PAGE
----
The University of Sydney endowment will invest directly in hedge funds for the first time, after its investment team identified some sufficiently skilled managers with newfound capacity.
The endowment will invest up to 3 per cent of its $700 million long-term fund in hedge funds, and target single-manager, multi-strategy products, Greg Fernance, head of investment and capital management (ICM) at The University of Sydney, said.
Even though the strategic asset allocation for the long-term fund, which is comprised of gifts and bequests, allows for 3 per cent of its capital to be invested in hedge funds, the ICM has not yet exercised this provision – mainly because the managers it liked had reached full capacity.
But after honouring investor redemptions during the financial crisis, and observing that many Australian institutional investors had weathered the financial crisis well and were a solid source of capital, such managers flew south in search of new commitments.
“Some of the hedge funds we’ve seen recently were endowment-friendly. In other words, they had capital preservation as a strong theme within their approach,” Fernance said.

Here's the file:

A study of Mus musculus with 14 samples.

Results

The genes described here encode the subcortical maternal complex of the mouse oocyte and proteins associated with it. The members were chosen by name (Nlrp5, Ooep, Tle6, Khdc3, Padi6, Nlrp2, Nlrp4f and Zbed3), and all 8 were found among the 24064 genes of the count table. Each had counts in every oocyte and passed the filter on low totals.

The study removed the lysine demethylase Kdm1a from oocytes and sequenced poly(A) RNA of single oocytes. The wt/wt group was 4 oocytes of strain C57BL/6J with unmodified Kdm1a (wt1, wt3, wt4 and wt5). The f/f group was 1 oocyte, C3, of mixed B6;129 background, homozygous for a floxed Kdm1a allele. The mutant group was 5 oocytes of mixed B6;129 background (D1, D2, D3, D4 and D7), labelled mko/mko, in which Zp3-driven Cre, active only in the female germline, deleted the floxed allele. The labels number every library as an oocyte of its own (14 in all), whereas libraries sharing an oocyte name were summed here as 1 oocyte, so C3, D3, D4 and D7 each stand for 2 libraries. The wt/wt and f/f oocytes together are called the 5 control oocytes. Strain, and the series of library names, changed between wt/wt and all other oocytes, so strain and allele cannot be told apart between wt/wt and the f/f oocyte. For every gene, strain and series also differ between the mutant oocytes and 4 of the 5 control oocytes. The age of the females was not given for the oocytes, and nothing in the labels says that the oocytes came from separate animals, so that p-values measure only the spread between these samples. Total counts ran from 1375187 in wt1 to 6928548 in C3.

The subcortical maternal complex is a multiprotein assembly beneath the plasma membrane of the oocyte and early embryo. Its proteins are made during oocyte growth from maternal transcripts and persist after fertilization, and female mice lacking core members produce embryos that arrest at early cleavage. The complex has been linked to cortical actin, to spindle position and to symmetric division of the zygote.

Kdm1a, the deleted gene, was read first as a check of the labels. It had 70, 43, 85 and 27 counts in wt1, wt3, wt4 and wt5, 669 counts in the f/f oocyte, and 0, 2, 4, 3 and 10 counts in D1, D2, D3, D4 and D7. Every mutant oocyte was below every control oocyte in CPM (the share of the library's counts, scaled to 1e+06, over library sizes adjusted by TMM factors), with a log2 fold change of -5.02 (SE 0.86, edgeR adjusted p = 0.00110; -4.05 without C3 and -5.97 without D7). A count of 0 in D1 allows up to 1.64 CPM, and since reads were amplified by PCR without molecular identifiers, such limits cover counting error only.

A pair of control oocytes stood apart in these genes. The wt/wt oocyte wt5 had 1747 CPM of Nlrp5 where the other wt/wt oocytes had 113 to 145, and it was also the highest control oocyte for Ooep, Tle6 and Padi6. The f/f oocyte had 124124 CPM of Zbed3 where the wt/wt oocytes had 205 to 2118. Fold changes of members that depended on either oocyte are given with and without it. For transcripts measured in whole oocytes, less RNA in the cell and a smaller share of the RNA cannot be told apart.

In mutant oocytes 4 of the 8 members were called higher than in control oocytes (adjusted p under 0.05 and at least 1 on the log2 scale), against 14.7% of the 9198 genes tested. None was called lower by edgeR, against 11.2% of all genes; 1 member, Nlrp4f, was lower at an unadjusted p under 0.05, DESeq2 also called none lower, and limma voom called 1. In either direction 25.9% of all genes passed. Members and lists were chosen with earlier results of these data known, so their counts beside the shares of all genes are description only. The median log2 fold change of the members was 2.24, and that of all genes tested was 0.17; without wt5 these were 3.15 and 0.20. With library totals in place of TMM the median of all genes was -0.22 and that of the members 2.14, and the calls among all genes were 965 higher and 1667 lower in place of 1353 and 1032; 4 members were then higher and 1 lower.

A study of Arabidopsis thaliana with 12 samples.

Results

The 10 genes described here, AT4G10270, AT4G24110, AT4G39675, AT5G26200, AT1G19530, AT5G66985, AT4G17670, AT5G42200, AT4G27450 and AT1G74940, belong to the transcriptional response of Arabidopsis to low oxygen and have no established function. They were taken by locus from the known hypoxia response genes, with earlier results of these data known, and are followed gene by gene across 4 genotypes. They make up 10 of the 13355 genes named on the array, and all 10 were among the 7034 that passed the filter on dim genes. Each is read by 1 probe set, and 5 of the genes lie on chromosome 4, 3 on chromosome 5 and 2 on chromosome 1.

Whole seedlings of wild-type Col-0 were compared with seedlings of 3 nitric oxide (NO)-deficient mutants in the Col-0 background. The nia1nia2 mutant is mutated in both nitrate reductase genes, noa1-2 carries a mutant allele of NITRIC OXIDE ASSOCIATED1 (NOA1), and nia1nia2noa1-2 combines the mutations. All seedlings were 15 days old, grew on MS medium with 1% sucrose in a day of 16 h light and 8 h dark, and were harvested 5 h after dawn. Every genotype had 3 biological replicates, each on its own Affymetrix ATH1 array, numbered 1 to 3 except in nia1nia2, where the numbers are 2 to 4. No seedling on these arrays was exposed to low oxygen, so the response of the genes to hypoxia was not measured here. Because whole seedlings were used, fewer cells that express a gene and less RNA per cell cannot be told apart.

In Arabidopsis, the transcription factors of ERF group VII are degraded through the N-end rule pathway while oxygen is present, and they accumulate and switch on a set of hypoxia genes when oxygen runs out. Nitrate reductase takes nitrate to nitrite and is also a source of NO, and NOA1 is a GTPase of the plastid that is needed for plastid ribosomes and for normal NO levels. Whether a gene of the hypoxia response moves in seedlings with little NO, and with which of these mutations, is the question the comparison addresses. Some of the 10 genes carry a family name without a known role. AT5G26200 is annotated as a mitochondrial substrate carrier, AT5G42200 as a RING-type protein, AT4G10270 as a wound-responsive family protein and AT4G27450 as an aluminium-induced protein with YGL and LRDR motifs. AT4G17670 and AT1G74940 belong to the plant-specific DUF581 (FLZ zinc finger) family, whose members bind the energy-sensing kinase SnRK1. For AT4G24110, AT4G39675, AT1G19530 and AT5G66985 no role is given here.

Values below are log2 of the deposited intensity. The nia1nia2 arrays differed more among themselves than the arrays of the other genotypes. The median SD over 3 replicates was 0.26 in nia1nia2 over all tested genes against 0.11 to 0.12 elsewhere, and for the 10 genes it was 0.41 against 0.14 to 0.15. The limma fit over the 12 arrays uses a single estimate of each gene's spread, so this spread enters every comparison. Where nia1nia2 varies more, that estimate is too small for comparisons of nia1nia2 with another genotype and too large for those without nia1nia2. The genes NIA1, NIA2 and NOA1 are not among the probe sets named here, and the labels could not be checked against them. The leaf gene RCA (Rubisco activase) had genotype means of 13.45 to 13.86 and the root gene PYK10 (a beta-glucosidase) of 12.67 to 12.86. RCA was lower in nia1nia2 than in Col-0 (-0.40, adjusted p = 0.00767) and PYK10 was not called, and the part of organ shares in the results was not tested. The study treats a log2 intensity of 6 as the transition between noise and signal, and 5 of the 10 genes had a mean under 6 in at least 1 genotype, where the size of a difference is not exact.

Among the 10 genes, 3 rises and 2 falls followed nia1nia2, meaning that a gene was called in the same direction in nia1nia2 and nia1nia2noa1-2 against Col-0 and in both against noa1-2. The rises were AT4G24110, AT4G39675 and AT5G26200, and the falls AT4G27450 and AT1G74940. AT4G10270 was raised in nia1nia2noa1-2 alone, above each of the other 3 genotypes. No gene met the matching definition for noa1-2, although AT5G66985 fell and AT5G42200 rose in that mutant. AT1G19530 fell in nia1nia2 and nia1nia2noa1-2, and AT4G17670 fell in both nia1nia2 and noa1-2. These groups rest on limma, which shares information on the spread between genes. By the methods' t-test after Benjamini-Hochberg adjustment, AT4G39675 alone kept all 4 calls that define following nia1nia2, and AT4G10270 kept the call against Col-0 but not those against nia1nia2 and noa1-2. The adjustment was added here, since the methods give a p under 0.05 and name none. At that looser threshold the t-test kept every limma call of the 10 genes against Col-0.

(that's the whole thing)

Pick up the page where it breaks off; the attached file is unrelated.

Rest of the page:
These managers had honed their strategies while investing family office money, or exclusively managing money for large private investors. The ICM would invest directly with these managers to avoid the additional layer of fees accompanying fund-of-fund structures, he said.
Fernance is being assisted in the search by Andrew Batsakis, manager external investments, and Jon Glass, who advises the endowment when not working as chief investment officer of the $2.5 billion MediaSuper. Asset consultant Mercer is also providing research about identified managers.
Glass is known as a proponent of hedge funds. Before joining MediaSuper and the ICM, he chaired the educational committee of the domestic arm of the Alternative Investment Management Association, the hedge fund industry body, and ran a small investment consulting company, FineAnswers.